Francis Gavin, "Nuclear Weapons and American Grand Strategy"

February 20, 2020
3:30PM - 5:00PM
Location
Room 120, Mershon Center for International Security Studies, 1501 Neil Avenue

Date Range
Add to Calendar 2020-02-20 15:30:00 2020-02-20 17:00:00 Francis Gavin, "Nuclear Weapons and American Grand Strategy"


Francis J. Gavin is the Giovanni Agnelli Distinguished Professor and the inaugural director of the Henry A. Kissinger Center for Global Affairs at SAIS-Johns Hopkins University. In 2013, Gavin was appointed the first Frank Stanton Chair in Nuclear Security Policy Studies and Professor of Political Science at MIT.  Before joining MIT, he was the Tom Slick Professor of International Affairs and the Director of the Robert S. Strauss Center for International Security and Law at the University of Texas.  Gavin is the Chairman of the Board of Editors of the Texas National Security Review

His writings include Gold, Dollars, and Power: The Politics of International Monetary Relations, 1958-1971 and Nuclear Statecraft: History and Strategy in America’s Atomic Age.  His latest book, Nuclear Weapons and American Grand Strategy, will be published by Brookings Institution Press in 2020. He received a PhD and MA in History from the University of Pennsylvania, a Master of Studies in Modern European History from Oxford University, and a BA in Political Science from the University of Chicago.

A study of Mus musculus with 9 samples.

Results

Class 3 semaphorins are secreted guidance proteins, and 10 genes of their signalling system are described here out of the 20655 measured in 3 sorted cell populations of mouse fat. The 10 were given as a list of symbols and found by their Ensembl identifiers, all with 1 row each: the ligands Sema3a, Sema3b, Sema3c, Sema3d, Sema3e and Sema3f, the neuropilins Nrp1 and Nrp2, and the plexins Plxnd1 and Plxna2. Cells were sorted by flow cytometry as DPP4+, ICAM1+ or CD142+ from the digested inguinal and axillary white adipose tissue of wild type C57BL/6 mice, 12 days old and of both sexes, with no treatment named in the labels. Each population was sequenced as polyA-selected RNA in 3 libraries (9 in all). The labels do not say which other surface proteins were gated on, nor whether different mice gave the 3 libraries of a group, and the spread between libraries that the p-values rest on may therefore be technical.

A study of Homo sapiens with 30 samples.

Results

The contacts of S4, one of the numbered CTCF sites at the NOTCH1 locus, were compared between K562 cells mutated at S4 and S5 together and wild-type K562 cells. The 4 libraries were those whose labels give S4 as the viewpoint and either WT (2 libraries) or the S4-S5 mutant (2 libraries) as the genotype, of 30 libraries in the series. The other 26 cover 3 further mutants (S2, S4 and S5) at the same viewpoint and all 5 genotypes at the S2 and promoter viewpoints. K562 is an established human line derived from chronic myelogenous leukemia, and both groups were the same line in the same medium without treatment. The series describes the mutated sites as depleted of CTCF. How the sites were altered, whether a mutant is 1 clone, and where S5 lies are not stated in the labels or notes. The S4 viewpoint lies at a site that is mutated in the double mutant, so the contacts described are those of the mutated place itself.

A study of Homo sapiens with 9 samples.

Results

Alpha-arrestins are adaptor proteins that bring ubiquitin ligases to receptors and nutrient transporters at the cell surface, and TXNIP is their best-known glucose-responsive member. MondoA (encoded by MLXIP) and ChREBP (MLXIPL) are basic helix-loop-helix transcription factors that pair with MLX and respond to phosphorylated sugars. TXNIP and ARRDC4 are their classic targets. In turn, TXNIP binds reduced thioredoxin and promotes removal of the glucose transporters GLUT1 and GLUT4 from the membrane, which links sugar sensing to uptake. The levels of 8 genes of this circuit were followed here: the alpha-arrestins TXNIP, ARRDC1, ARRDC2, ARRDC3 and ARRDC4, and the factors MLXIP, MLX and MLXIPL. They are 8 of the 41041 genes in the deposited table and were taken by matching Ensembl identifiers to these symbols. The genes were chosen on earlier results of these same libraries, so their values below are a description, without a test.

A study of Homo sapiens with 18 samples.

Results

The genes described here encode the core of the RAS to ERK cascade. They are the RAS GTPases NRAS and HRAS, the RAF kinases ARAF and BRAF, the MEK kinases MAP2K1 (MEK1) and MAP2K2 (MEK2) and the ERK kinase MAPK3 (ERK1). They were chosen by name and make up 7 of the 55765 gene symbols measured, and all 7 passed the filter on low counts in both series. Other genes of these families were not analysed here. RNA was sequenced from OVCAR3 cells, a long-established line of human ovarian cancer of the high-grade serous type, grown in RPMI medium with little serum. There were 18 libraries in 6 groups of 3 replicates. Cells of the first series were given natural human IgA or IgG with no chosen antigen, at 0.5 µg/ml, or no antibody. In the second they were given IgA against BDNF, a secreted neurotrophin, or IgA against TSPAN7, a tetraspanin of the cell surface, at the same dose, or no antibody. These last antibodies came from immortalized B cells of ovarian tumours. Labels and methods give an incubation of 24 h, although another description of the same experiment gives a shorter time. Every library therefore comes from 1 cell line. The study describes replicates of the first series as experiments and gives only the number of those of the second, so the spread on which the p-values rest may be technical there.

Room 120, Mershon Center for International Security Studies, 1501 Neil Avenue Mershon Center mershoncenter@osu.edu America/New_York public
Description


Francis J. Gavin is the Giovanni Agnelli Distinguished Professor and the inaugural director of the Henry A. Kissinger Center for Global Affairs at SAIS-Johns Hopkins University. In 2013, Gavin was appointed the first Frank Stanton Chair in Nuclear Security Policy Studies and Professor of Political Science at MIT.  Before joining MIT, he was the Tom Slick Professor of International Affairs and the Director of the Robert S. Strauss Center for International Security and Law at the University of Texas.  Gavin is the Chairman of the Board of Editors of the Texas National Security Review

His writings include Gold, Dollars, and Power: The Politics of International Monetary Relations, 1958-1971 and Nuclear Statecraft: History and Strategy in America’s Atomic Age.  His latest book, Nuclear Weapons and American Grand Strategy, will be published by Brookings Institution Press in 2020. He received a PhD and MA in History from the University of Pennsylvania, a Master of Studies in Modern European History from Oxford University, and a BA in Political Science from the University of Chicago.